They ought to teach people about Ponzi schemes and pyramid schemes at school, because people fall for them.
Bankers, for instance. They've been selling each other rounds of increasingly worthless paper based on one concept – that house prices can only increase. It turns out that this eternal verite is not true – who knew?
Under the circumstances, it is vitally important that they convince the next round of suckers – Congress – that taxpayers should put money into the scheme. Financiers are depending on this money, or they will lose everything. They are fighting for their very Lamborghinis, and are very, very persuasive on the subject of why we need to put money in. Just a little more, and everything will work again.
George Bush says we need to bail them out, which seems like an excellent reason to look twice at the deal. He's panicked America into paying no-questions-asked money to his friends so many times that simply hearing it from him is enough to make you think. His cronies hollowed out the entire treasury in eight years and now we have to give more?
They have a great sales spiel. Buy this paper off us or we're all gonna die! But with their Jacuzzis and private jets at stake, they would say that, wouldn't they? Americans are strong, have a good work ethic, want to pay their bills. They'll make more money. China isn't going to completely pull the plug as the Chinese internal market is not well developed. It has to sell to someone to make money, and America is where it sells stuff. The collateral – housing stock - is still standing, even at reduced prices, and eventually it will free up. Lots of bankers will go tits up, but man, they didn't give me any money when they had it and I don't see why I should give them any now.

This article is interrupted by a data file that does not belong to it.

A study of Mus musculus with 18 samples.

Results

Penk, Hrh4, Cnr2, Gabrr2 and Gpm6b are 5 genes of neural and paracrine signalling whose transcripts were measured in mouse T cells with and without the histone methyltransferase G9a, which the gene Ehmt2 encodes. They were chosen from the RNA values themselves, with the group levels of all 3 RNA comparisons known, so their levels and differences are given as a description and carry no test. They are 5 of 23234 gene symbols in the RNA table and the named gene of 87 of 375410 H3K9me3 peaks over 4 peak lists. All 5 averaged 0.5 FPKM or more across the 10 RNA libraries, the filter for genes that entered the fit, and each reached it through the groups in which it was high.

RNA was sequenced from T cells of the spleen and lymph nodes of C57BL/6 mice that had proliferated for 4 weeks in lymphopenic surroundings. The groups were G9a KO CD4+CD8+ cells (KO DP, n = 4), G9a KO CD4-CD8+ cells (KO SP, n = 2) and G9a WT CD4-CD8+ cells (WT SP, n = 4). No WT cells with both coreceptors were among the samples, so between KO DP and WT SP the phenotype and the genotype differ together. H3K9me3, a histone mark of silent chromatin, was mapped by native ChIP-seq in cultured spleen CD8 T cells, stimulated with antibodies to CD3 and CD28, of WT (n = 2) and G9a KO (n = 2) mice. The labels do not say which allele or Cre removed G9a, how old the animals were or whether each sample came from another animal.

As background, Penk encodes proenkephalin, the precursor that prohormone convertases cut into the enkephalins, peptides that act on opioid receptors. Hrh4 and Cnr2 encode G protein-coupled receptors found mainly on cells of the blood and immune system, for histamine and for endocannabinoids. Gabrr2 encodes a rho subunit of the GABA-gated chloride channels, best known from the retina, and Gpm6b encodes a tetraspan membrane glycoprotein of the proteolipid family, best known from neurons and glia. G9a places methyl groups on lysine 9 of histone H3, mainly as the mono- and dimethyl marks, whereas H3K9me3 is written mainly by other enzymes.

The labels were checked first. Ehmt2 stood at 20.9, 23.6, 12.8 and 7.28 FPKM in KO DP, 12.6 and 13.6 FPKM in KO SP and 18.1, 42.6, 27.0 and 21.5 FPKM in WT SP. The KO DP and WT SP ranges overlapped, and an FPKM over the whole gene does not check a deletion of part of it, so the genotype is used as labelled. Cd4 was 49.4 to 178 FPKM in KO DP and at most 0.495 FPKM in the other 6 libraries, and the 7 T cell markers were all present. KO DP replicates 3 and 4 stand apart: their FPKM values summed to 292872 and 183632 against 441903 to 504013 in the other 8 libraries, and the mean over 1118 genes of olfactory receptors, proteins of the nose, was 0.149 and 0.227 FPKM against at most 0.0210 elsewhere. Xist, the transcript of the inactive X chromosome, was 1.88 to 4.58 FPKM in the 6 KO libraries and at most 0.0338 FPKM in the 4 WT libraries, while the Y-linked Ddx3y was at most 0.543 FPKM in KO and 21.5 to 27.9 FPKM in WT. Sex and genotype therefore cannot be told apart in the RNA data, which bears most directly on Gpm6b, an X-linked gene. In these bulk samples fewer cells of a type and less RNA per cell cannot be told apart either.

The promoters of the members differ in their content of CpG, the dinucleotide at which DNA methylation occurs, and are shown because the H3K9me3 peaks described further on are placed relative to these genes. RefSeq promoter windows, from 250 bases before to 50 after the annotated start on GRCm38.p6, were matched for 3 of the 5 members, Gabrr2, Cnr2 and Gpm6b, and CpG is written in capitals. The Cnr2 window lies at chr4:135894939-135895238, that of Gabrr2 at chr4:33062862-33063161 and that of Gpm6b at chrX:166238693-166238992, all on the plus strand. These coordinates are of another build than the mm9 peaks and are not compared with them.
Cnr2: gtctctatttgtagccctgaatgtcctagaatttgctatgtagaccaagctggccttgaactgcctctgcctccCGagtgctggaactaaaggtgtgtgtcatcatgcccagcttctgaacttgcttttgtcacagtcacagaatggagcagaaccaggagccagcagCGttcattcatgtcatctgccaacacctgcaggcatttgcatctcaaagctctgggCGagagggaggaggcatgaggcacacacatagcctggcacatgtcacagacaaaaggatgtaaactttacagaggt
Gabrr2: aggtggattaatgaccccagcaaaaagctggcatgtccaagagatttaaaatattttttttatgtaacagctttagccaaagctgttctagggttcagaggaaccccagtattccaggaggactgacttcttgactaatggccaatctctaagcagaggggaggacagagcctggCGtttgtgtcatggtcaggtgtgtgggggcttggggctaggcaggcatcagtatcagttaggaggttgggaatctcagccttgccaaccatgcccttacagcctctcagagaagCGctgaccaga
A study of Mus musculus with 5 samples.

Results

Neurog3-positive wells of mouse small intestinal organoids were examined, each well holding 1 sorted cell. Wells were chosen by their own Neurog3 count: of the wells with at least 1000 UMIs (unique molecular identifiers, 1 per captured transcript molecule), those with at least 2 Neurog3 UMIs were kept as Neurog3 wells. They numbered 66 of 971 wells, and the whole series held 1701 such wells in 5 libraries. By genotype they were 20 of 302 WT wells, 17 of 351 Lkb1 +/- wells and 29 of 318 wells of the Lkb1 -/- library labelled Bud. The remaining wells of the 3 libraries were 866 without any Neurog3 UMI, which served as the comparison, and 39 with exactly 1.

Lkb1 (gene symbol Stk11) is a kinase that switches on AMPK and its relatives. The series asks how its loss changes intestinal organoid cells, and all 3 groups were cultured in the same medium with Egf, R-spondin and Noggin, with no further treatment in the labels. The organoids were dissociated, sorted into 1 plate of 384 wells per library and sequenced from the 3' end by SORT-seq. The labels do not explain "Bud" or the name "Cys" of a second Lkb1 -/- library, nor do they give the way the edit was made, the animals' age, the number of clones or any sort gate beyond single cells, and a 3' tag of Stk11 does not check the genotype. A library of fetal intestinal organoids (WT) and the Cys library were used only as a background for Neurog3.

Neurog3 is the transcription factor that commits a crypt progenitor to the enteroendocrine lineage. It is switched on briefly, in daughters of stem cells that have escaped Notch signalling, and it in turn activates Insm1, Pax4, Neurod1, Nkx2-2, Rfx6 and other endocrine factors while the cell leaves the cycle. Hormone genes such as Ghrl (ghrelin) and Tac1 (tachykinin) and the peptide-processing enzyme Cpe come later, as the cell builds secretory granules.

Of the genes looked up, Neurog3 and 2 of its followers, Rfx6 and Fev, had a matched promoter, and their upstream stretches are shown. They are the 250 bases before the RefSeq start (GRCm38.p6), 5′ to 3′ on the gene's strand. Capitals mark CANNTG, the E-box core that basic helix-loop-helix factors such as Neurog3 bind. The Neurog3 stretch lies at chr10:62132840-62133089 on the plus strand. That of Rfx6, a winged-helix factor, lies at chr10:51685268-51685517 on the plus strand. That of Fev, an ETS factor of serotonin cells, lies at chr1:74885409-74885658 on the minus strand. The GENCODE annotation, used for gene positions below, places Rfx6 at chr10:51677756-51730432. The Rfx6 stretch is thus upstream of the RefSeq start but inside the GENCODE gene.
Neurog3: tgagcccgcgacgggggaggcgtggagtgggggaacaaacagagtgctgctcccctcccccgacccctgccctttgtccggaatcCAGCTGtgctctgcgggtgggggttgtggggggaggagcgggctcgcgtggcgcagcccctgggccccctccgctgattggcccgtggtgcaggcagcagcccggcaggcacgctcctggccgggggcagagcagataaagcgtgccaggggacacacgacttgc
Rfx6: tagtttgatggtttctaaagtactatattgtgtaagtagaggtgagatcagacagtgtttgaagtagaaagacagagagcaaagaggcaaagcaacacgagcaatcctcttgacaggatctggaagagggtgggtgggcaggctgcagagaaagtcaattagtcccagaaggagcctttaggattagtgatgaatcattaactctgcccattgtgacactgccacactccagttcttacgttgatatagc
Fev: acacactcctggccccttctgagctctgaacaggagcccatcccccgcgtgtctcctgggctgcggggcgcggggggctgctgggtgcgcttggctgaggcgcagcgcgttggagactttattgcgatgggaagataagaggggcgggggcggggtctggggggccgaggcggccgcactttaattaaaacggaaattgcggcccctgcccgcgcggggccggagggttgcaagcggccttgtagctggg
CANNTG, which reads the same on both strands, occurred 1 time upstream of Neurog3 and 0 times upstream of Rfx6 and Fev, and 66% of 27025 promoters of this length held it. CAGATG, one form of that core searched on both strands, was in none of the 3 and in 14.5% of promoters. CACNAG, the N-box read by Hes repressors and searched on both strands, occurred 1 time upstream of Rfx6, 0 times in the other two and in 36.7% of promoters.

We don't need to bail the financiers out. They sold worthless paper to each other hoping against they wouldn't be the ones left holding when the bills needed to be paid. They are professional risk takers. They took a risk. It blew up in their faces. Let them learn their lesson.
The real argument for the bail out is that the money for these loans is gone, evaporated into thin air (that's why they call it a bubble) and isn't going to be replaced, but – and it's a big but – the banks are now frozen into place, unwilling to lend anything to anyone, including each other, and without cash to lubricate the system, it will never move again.
I guess if we have to do it, we have to do it. Generally speaking, I don't have much enthusiasm for giving money to people who got themselves into debt over mortgages and mortgage backed loans. However, I have about a million times more sympathy for giving them money than I do giving Paulson and his friends the right to spend $700B at a time without any congressional oversight by giving it to bankers who once earned hundreds of thousands to hundreds of millions each - all while losing billions on behalf of their customers.
Especially after reading this article, Let's put this bailout into perspective, ok? . A little sympathy, there.
Charlie Stross says,
Never mind bailing out the banks: what needs bailing out is the human beings behind the collateralized debt obligations. The money would be better spent keeping roofs over their heads (and servicing those currently-non-viable mortgages, which action would, incidentally, keep the banks liquid).
In my more cynical moments I look at the demands for money emanating from the White House and what I see is the Mafia hoods running up the lines of credit on a business they've taken over before they complete the bustout. Eight years of asset-stripping and looting, and finally the coup de grace: $700Bn in no-questions-asked, no-oversight slush money.
I don't want the people who ran the financial institutions into the ground playing with any more of my money. Ponzi schemes don't work; there's always someone left holding the paper, and I don't see why it has to be me.